One of the most popular words that customers search for on our website is "bifocals". Usually, the product they are looking for is what we refer to as a "clear bifocal", meaning no magnification on top, with the reader part on the bottom. It's important to distinguish "clear bifocal" from "sun bifocals" which are tinted. The two main reason people wear bifocals are convenience and style. They're convenient because you don't have to take off, put on, take off your readers all day. Unless you're reading for long uninterrupted periods, most people experience this. Style comes into play because most people prefer the "look" of regular eyeglasses. Bifocals combine the function of a half-eye with the style of a full frame.
Sun bifocal readers, as the name clarifies, are for the great outdoors. They're great for driving, reading, or walking around with. It is important that the bifocal doesn't interfere with your line of vision, otherwise they can be dangerous when walking or driving. Variations of sun bifocals include anti-glare, no-line, and polarized (which tend to be more expensive).
Did you ever notice that the glasses you use for reading books, newspapers, and price tags are not optimal for viewing your computer monitor or device? This is where dual strength bifocals and multi focals come into play. While reading close up is considered "near" vision, your device is usually positioned in the "intermediate" range. This actually requires a LOWER strength. (To understand the biophysics behind this, check out our focal point blog). Dual strength bifocal and trifocals are magnified on the bottom and the top. The top part is weaker, to accommodate for intermediate distances.
Some common questions about bifocals are:
Q:Do the bifocals go straight across the lens?
A: No. almost all ready to wear bifocal reading glasses as of 2017 have the reader located closer to the center, and in the lower third of the lens. This is a generalization, and it does depend on the style. The reason is cost. "Executive" cut bifocals are much more expensive and rarely used in mass production. Because the eyes converge, or come together, when reading, the common positioning suits most people. It further interferes less when looking distances.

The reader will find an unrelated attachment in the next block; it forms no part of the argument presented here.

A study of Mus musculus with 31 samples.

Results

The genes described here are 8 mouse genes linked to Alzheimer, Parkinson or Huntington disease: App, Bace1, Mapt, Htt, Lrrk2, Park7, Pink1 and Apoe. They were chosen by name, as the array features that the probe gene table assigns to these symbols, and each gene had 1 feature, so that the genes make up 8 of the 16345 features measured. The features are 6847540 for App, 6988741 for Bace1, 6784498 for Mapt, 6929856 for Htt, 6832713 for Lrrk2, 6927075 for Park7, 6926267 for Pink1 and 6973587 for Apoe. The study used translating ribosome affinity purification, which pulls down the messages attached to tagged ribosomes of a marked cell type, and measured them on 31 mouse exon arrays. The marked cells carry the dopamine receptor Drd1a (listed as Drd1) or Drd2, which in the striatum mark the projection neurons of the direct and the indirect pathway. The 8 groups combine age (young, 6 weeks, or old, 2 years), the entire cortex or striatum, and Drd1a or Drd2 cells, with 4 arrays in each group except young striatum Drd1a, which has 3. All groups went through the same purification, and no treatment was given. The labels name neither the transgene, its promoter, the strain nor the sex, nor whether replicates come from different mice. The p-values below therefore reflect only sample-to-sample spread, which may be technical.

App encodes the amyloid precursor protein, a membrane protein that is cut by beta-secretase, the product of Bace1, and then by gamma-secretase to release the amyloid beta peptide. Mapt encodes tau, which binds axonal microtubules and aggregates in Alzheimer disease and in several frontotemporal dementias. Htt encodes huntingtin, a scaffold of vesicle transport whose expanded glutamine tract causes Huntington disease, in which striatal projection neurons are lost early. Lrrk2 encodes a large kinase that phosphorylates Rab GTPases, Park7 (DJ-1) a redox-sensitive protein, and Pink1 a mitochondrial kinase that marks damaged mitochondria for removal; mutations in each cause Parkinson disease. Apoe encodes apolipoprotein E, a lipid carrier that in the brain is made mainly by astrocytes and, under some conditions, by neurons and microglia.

A:Progressive is one style of "no-line" bifocals, when you can't see the bifocal line. New technology has enabled no-line, or virtually no-line, by placing the bifocal on the inside of the lens, and "blending" it so the demarcation from bifocal to lens isn't so severe. Technically speaking, it's not progressive. Though our multi focals ARE progressive, the others that we sell are not. True progressives are very expensive (starting at $100) and at that price, there's a very blurry transition. High end progressives are even more expensive. In essence the new blended bifocal technology work way better than true progressives, and for a heck of a lot less money. As for the progressive multi focals, even we cannot grasp how they manufactured such an incredible, high quality lens that retails for under $30, but we are impressed.
Not ALL of our bifocals are no-line. That information will be in the product description.